Venice-based GlassUp today unveiled its first augmented reality glasses prototype, an interesting combination of Google Glass and a more conventional heads-up display. Most importantly, GlassUp projects an image onto a lens in front of you, and not on a prism up and to the right of your field of vision, like Glass. The reason for this is that GlassUp aims to provide a different kind of utility t han Glass. It wants to give drivers, joggers, doctors, and even fighter pilots access to information without forcing them to look away — something GlassUp CEO Franceso Giartosio says Google can't deliver.
Using the device felt more like visiting the optometrist than throwing on Google Glass
"When we heard about Glass in spring 2012, we thought we had to close down and go home," says Giartosio, "but we kept on because there were some big differences in our vision. We use the front lens so we aren't asking the user to look to the side — they’re looking forward." Projecting onto the front lens, however, has its costs. GlassUp is only capable of delivering projections of tiny green lettering with no images included. In my tests with the prototype, text was difficult, if not impossible to read, and when I did see the text I was meant to see, it was skewed and nearly illegible. Using the device felt more like visiting the optometrist than throwing on Google Glass.
A model of the final version of GlassUp
Giartosio aims to deliver the first version of GlassUp for $399 this summer, but without some more work, the device's final interface won't look anything like the mockups the company has offered (embedded below). I like the idea of only delivering high priority text notifications to a screen in front of, instead of to the side of your face, but GlassUp seems to have a long way to go before accomplishing its goal. Yet, considering that only a few Google Glass competitors even exist, GlassUp is still at the top of the leaderboard, and could deliver a compelling experience at launch.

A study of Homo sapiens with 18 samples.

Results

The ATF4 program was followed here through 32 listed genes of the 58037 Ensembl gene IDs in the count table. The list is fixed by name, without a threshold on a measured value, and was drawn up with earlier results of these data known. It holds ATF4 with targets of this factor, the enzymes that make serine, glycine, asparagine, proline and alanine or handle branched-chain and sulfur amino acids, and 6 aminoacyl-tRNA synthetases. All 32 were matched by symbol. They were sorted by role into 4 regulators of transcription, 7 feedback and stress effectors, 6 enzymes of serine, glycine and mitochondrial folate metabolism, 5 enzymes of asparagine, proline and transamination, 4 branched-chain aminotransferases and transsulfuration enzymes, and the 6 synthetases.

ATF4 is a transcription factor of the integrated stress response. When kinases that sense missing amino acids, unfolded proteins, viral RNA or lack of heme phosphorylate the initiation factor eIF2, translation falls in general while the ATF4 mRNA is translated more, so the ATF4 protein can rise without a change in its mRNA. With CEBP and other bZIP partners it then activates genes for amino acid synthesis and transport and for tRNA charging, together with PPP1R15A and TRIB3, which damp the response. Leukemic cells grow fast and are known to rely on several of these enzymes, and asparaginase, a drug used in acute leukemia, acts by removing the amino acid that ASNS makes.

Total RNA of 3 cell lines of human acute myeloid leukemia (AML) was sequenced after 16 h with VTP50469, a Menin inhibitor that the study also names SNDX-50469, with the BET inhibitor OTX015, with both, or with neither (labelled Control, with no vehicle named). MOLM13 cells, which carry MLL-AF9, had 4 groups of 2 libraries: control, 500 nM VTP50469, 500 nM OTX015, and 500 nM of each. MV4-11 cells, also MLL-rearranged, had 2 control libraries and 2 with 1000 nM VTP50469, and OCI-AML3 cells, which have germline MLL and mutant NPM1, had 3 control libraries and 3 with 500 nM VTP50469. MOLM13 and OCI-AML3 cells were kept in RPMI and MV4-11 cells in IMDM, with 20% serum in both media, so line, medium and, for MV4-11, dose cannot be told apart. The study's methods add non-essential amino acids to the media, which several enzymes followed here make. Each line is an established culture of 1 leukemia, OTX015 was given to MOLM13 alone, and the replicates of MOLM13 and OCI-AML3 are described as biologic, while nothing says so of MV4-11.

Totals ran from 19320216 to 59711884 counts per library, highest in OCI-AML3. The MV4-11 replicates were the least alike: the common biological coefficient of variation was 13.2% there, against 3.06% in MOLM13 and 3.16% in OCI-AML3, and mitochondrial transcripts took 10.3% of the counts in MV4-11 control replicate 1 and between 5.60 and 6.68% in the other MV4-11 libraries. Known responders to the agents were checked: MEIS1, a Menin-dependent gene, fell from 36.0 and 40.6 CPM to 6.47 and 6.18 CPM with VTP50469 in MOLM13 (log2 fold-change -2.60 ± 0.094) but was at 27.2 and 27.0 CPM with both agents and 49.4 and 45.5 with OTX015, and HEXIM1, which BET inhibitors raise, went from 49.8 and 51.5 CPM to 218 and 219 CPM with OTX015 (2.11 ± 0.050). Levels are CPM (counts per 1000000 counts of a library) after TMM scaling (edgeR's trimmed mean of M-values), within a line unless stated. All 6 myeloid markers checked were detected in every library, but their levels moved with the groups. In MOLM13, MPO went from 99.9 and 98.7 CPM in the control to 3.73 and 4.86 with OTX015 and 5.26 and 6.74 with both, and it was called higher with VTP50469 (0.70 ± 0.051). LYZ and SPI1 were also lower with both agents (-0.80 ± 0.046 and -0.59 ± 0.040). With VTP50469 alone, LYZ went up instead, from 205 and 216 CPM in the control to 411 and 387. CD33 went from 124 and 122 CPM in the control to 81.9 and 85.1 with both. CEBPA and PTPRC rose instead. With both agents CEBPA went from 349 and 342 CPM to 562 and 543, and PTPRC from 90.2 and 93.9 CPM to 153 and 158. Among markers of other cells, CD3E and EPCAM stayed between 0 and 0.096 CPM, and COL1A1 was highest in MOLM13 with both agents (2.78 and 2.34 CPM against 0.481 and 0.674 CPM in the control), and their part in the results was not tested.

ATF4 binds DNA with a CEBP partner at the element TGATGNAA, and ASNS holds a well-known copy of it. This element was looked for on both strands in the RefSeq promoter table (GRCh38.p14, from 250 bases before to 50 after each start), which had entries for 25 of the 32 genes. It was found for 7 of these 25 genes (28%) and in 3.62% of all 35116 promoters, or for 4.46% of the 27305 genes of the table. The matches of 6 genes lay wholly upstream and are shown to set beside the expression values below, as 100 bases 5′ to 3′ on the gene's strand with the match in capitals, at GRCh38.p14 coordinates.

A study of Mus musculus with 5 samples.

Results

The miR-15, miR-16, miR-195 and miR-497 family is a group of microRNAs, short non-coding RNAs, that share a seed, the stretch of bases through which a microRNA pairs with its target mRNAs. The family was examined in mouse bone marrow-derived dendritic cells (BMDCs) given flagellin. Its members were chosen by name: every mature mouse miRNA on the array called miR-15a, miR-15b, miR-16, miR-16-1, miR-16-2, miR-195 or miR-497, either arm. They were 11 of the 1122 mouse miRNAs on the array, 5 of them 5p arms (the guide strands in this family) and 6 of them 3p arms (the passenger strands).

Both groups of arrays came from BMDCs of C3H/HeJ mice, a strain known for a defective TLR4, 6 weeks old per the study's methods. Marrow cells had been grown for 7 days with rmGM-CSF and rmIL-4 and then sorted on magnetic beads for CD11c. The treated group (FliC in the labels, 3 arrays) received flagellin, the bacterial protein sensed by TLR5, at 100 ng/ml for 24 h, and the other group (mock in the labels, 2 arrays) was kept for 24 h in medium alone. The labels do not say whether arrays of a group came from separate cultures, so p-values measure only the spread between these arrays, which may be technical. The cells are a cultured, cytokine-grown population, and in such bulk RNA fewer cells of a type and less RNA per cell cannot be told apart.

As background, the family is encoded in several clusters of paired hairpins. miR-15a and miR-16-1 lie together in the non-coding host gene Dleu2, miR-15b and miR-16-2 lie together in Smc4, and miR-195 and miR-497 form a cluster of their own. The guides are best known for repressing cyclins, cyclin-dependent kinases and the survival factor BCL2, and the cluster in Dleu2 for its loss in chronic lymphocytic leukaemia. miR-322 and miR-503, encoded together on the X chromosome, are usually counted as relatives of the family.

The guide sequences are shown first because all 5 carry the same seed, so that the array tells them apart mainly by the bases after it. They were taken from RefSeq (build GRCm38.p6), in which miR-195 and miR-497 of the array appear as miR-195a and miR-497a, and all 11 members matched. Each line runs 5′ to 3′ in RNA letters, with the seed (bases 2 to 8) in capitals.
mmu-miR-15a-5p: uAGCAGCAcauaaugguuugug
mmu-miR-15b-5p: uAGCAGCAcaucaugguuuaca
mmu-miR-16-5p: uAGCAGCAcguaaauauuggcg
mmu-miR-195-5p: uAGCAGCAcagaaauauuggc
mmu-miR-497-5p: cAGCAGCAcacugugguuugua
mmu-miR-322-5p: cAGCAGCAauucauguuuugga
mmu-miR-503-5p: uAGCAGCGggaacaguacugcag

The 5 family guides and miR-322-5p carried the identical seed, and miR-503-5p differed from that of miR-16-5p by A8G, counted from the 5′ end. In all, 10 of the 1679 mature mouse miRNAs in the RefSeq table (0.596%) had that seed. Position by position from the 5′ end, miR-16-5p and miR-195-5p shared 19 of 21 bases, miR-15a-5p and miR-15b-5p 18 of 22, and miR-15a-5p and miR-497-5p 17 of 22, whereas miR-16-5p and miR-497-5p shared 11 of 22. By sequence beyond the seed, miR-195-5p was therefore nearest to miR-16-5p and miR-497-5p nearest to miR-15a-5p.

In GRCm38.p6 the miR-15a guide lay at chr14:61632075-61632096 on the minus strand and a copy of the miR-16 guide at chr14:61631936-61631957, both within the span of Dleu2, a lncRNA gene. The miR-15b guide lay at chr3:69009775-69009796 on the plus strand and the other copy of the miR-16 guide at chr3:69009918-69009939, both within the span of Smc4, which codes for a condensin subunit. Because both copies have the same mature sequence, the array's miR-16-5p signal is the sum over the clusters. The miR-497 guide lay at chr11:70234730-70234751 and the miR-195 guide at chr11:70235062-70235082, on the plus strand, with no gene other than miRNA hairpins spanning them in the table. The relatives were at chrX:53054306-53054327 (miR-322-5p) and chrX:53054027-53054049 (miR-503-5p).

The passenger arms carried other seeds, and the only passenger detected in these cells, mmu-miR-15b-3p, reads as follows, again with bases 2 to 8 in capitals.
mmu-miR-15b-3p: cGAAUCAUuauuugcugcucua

"Our glass is more like a tool, whereas Google's is more like a game."
By then, however, we might see Google's latest version of Glass, which could make GlassUp look even further behind. Giartosio admits that Google presents a Goliath-like challenge, but he's content playing David. "Our glass is more like a tool — more like a utility — whereas Google's is more like a game," he says. "They want to do more, while we want to be more basic." He envisions future GlassUp wearers using their specs to monitor their speed while biking down a mountain or checking on an incoming text while they're jogging. The final version of GlassUp, pictured above, looks more like a pair of Oakley sports glasses than Google Glass, in fact, a reflection of Giartosio's decision to focus on physically active users. GlassUp is even working with fighter pilots to develop a similar system, but for the plastic lens on a helmet.
Giartosio is eager to compare Glass with GlassUp, but the two don't seem very similar aside from both being glasses that sit on your face. Giartosio sees GlassUp as more of a utility than as an interactive gadget, displaying information in front of you as you need it without requiring you to look away from your work. Responding to texts or searching for images and directions isn't yet part of the plan, and neither is streaming your vantage point to the web. The only way to interact with GlassUp is by using a touchpad mounted on its right side, or through companion smartphone apps.
We'll have to see if, when the product finally launches, consumers really want a wearable device that's more Volvo than DeLorean.